11 Temmuz 2012 Çarşamba

The unpleasant low growth perspective


According to the Turkish Statistics Institute (TurkStat), the Turkish economy grew by 3.2 percent on a yearly basis in the first quarter. For the sake of comparison, let me highlight the fact that the yearly growth rate was above 11 percent in the first quarter of 2011 and above 5 percent in the last quarter.

Moreover, TurkStat estimated the quarter to quarter seasonally adjusted growth rate as minus 0.4 percent. Although current leading indicators predict a much better growth performance for the second quarter, the Turkish economy is obviously facing a deceleration of growth.
Is it a transitory phenomenon? I do not think so, even if it is true that there is a base effect because of the significant growth in the first quarter of 2011. To understand if the low growth is transitory or not we should analyze the sources of growth. Private consumption, which constitutes the largest share of gross domestic product (GDP) with 70 percent, stagnated. Therefore, it did not contribute to growth at all. Private investment increased by a mere 1.6 percent, while the public sector grew by 5 percent. The contribution of domestic demand to growth remained less than 1 percentage point.
Given this very weak domestic demand, firms reduced their stock, and this resulted in a contraction of 2.3 percentage points. So, the growth rate of 3.2 percent resulted mainly from net exports: Indeed, exports increased by 13 percent, while imports decreased by 5 percent. Therefore, the contribution of net exports to growth has been 4.5 percentage points. To know whether this relatively low growth -- around 3 percent -- will be there for a long time, we have to answer two questions: First, is there some room to increase domestic demand without jeopardizing the current account deficit (CAD) and inflation targets? Second, can net exports' contribution to growth be made permanent?
My answer to the first question is “Yes, but not that much.” Regarding inflation we can say that Central Bank of Turkey stays in a relatively comfortable situation thanks to decreasing energy and food prices. Its forecast for the year end, set in the first quarter, is 6.5 percent but Governor Erdem Başçı announced recently that this figure could be lowered very soon. Moreover, last Friday we witnessed a decrease in interest rates by the Central European Bank as well by the Bank of England. So, the Turkish Central Bank has some room to relax its tight monetary policy to some extent, but there are limits to this: The inflation target is set at 5 percent, and there is still a long way to go to arrive at this rate. Too low interest rates can trigger capital outflows, causing exchange rate shocks; TL depreciation is not good news for inflation. Too low interest rates could also trigger a new consumption boom, pushing up prices. To sum up, I think the possibility of giving a push to the domestic demand via monetary policy is limited. Let me highlight that last Friday Governor Başçı pointed out that it is too early to consider changing their position and that they will wait to see the second quarter growth figures.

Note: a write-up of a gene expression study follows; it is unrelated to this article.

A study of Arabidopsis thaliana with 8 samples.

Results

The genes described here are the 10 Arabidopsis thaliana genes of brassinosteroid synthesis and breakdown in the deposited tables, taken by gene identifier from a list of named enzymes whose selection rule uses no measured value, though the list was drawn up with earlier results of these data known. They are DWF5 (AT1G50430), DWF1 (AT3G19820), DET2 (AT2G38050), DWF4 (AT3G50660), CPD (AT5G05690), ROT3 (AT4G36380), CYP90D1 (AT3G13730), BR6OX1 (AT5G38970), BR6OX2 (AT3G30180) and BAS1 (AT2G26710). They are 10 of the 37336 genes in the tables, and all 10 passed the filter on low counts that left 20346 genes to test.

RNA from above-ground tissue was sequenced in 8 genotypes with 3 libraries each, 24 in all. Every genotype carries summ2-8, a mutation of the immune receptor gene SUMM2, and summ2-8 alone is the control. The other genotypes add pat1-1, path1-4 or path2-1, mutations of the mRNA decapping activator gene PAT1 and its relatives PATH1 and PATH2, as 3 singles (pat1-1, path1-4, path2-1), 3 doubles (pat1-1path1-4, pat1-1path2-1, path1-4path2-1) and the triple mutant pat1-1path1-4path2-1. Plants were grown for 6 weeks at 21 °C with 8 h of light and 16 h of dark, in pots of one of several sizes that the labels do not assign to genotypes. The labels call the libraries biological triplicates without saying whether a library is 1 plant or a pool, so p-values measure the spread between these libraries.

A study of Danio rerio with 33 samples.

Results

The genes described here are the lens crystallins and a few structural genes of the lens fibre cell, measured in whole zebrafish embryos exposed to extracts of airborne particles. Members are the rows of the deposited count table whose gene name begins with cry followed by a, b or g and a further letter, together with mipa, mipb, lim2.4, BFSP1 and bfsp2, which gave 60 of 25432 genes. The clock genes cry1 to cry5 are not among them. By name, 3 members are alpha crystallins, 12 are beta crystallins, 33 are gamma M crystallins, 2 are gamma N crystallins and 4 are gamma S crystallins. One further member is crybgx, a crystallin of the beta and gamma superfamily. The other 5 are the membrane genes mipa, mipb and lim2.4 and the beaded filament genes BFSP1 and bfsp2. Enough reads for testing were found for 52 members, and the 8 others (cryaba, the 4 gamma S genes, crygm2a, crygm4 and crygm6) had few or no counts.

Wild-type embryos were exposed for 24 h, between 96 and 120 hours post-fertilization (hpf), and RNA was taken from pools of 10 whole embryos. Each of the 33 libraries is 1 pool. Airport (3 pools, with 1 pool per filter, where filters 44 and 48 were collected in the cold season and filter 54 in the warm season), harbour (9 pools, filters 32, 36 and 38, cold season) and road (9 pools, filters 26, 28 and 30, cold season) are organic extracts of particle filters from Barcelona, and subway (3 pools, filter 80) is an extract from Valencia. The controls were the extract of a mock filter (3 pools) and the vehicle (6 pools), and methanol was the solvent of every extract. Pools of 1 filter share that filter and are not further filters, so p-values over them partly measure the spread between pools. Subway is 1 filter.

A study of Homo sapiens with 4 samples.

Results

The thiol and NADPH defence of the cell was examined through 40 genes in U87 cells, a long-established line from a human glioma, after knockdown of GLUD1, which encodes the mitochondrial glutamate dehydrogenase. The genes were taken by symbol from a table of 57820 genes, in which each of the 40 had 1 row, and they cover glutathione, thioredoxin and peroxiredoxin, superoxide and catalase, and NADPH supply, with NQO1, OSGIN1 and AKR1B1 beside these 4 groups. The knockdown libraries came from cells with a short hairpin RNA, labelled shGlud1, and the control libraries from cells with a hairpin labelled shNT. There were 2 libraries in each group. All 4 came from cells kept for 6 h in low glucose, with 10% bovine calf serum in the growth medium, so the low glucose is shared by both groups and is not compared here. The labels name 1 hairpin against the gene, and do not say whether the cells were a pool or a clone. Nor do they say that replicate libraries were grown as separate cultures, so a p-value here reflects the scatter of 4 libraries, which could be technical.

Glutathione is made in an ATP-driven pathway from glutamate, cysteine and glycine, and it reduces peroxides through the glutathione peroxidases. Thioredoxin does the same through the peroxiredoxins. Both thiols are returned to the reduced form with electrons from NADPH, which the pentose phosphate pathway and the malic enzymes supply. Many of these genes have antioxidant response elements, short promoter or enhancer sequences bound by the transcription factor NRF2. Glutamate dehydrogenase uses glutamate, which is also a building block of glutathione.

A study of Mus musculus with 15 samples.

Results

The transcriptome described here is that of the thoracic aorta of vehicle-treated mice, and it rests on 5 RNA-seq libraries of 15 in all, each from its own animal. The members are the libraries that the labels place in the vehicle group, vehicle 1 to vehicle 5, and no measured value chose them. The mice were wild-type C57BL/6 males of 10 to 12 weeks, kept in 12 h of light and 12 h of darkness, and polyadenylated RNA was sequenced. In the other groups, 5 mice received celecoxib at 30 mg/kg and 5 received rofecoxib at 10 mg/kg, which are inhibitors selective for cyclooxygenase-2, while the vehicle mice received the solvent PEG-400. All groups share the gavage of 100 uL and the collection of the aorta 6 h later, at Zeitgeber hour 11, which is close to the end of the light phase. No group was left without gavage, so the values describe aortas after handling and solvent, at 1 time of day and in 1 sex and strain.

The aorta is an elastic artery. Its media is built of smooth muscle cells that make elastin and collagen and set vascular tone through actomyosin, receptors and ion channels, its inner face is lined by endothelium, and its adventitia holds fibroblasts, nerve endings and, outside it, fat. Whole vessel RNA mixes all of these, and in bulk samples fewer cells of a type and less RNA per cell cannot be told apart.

The other possibility could be loosening fiscal policy. But we should note that a loosening is already on the way to some extent since tax revenue is decreasing along with decreasing growth, while public expenditure is continuing to increase. The budget deficit will probably be a little bit higher than last year, (my estimation is 2.5 percent instead of 1.5 percent), but this is the limit which must be respected. If not, as Deputy Prime Minister Ali Babacan likes to say, expectations could worsen, causing adverse effects on investments and market interest rates.
If there is only limited room to increase domestic demand, what about exports? Two points have to be underlined: Global demand conditions, particularly in Europe, are not good, and a deceleration in the increase of Turkish exports has been quite perceptible in the last few months. The leading indicators show that the increase of exports in the second quarter will be less enthusiastic. Even though positive contribution of net exports has to be expected during the next quarters, in the long run this depends on a radical improvement of competitiveness of Turkish industry through lower production costs and extensive innovations. Now, improvement depends on radical reforms in the labor market, in taxation, in education and in the R&D field.
For the moment we have just a new incentive scheme and a new trade law. The first one aims to lower labor costs in the least-developed regions, but only for new investments, and also to encourage some import substitution. Let's note that has not yet been implemented. The new trade law aims to improve the functioning of the market economy, but let me note also that last-minute compromises have diminished the effectiveness of the new regulations. However, on the other hand, let me highlight that the regional minimum wage project has definitely been abandoned and the severance pay reform postponed as well as the tax system reform.
I believe, as an economist tracking the Turkish economy for quite a long time, that it can grow hardly more than 4 percent in the long term as long as the high growth episodes depend on ephemeral domestic demand booms, which unavoidably hurt the wall of high inflation as well as the high CAD.